Emma Barnicott is an intelligent woman thwarted by circumstance and expectation, reduced to shuffling between a job in admin support at a plumbing supplies company on a Plymouth industrial estate and a passionless marriage to a husband whose idea of heaven is Fisherman’s Pie (not a euphemism) in front of the telly. Her self esteem is at rock bottom and her aspirations are in the gutter. No wonder the Help Desk is going unattended as she escapes into an online fantasy world of designer clothing and the exploits of Kim Kardashian. But then an email exchange with a charming customer offers a glimmer of hope: could there be more to life than what Emma’s settled for?
In her witty updating of Flaubert’s tale of dissatisfaction and disillusionment, Bea Roberts creates a collage of Emma’s low-fi life using a projector, screens, OP transparencies, TV and VCR; she never speaks, instead delivering the ‘script’ via the various media like a silent narrator handing us all the relevant material with which to conjure the story into consciousness. Occasionally we hear a snippet of a character’s voice via a voicemail message to get a sense of what they might sound like, but mostly they are presented via reported conversations and text messages. The love interest is a romantic, funny, all-round great guy. That they all live so fully, their personalities so distinct, their inter-relationships so credible, is down to Roberts’s skilful writing and her brilliant comic timing.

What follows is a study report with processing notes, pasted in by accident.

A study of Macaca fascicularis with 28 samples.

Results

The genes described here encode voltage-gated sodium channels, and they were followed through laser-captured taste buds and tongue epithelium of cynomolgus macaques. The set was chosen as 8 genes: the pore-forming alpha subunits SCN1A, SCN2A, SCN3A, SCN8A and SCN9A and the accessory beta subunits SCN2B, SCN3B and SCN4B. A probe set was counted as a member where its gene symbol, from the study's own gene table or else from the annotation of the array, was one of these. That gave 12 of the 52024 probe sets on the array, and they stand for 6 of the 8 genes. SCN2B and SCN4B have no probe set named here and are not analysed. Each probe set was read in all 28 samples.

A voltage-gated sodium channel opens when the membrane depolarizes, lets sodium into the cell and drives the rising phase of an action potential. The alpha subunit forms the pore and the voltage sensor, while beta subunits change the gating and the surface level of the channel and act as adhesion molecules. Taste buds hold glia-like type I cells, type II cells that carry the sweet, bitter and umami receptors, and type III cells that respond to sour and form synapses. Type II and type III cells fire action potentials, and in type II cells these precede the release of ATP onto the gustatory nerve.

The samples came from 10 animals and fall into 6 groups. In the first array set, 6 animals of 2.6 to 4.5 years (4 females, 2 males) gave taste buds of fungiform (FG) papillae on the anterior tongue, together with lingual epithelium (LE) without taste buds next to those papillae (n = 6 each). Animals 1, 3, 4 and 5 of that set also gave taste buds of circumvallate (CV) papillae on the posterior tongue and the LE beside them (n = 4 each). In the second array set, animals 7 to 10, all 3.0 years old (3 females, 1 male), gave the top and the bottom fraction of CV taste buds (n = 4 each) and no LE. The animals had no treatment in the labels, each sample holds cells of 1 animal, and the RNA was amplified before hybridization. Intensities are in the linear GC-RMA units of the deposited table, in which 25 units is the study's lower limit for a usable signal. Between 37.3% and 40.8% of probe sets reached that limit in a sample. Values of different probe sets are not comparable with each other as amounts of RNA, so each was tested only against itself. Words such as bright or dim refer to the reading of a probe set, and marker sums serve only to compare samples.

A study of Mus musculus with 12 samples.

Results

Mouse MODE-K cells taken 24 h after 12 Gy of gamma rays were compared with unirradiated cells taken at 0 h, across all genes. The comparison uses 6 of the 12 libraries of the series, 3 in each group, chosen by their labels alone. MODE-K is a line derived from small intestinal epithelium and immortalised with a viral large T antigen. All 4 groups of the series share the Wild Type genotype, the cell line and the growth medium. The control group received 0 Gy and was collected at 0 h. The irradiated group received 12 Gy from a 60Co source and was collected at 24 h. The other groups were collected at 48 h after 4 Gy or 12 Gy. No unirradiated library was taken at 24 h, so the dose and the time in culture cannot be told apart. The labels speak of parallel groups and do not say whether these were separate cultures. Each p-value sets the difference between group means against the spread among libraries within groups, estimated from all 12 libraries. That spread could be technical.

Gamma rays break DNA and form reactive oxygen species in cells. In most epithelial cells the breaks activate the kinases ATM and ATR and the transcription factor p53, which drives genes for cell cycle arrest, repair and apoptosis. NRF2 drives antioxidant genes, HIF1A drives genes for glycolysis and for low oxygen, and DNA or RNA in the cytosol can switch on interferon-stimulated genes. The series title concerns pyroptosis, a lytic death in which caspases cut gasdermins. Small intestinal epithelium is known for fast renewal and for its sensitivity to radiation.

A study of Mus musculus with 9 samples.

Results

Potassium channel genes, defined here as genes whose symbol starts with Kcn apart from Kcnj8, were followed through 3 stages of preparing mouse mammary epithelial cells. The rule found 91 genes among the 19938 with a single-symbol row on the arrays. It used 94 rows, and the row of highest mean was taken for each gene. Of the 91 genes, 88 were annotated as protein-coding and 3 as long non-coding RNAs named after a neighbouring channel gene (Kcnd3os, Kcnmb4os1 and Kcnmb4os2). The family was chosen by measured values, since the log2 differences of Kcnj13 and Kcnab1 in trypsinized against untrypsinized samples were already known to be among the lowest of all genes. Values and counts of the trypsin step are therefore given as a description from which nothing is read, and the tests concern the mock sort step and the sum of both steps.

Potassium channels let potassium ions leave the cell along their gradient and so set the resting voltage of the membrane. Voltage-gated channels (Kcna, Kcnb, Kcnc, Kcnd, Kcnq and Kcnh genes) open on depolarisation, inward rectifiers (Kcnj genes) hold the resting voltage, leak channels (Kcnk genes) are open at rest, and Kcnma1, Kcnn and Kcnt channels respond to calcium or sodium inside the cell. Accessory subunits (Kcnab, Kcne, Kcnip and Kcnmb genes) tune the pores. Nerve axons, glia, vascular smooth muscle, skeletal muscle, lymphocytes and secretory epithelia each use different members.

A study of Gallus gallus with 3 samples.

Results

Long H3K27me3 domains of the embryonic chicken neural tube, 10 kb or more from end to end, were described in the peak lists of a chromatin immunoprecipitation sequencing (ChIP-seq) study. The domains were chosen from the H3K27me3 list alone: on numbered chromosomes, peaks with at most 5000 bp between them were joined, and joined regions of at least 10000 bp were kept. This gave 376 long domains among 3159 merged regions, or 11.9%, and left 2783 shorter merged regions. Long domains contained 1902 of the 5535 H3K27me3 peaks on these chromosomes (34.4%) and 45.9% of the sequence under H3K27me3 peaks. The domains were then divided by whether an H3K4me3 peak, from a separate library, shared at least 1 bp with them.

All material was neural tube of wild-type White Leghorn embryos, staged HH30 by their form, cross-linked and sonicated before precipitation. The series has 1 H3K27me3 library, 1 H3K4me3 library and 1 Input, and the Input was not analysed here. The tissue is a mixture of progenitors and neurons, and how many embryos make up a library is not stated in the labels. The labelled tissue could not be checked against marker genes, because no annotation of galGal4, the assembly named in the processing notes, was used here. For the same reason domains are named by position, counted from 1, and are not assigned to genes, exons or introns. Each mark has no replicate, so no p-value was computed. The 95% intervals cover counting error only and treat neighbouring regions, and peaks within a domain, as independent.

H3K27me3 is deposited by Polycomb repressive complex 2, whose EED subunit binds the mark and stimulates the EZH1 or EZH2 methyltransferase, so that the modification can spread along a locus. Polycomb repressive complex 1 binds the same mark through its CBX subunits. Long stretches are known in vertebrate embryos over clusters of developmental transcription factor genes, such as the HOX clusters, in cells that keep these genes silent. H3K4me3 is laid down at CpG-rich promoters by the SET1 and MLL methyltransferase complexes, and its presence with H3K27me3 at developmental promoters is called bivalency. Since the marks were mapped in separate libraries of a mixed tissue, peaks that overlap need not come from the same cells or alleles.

Just like Flaubert’s heroine, Emma is living vicariously through her consumption of celebrity magazines and lifestyle guides, albeit hampered by her low sense of self-worth (an erotic fantasy about Kick-era Michael Hutchence is repeatedly invaded by TV historian Neil Oliver). She shops obsessively, hoping to gild the banality of her humdrum existence by wrapping herself in cashmere she can’t afford. Roberts interrogates these desires through simple but beautifully realised imagery, including the superimposition of photos of impossibly glossy women onto streams of packing paper pulled from a box like so many glamorous rabbits; her journey to work is rendered by flicking through a series of grimly grey photographs hastily passed across the OP; when Emma dyes her hair to create the look she thinks her potential lover wants, dark, heavy liquid floods the screen, echoing her namesake’s post-death protestations.
But for this 21st-century Emma, there is hope – and it comes in the form of female friendship, something unavailable to her forerunner. Her boss, Claire, not only helps Emma save herself from the brink of financial ruin, but offers the space and the support for Emma to find her place and her voice, before it’s too late. A truly original remake.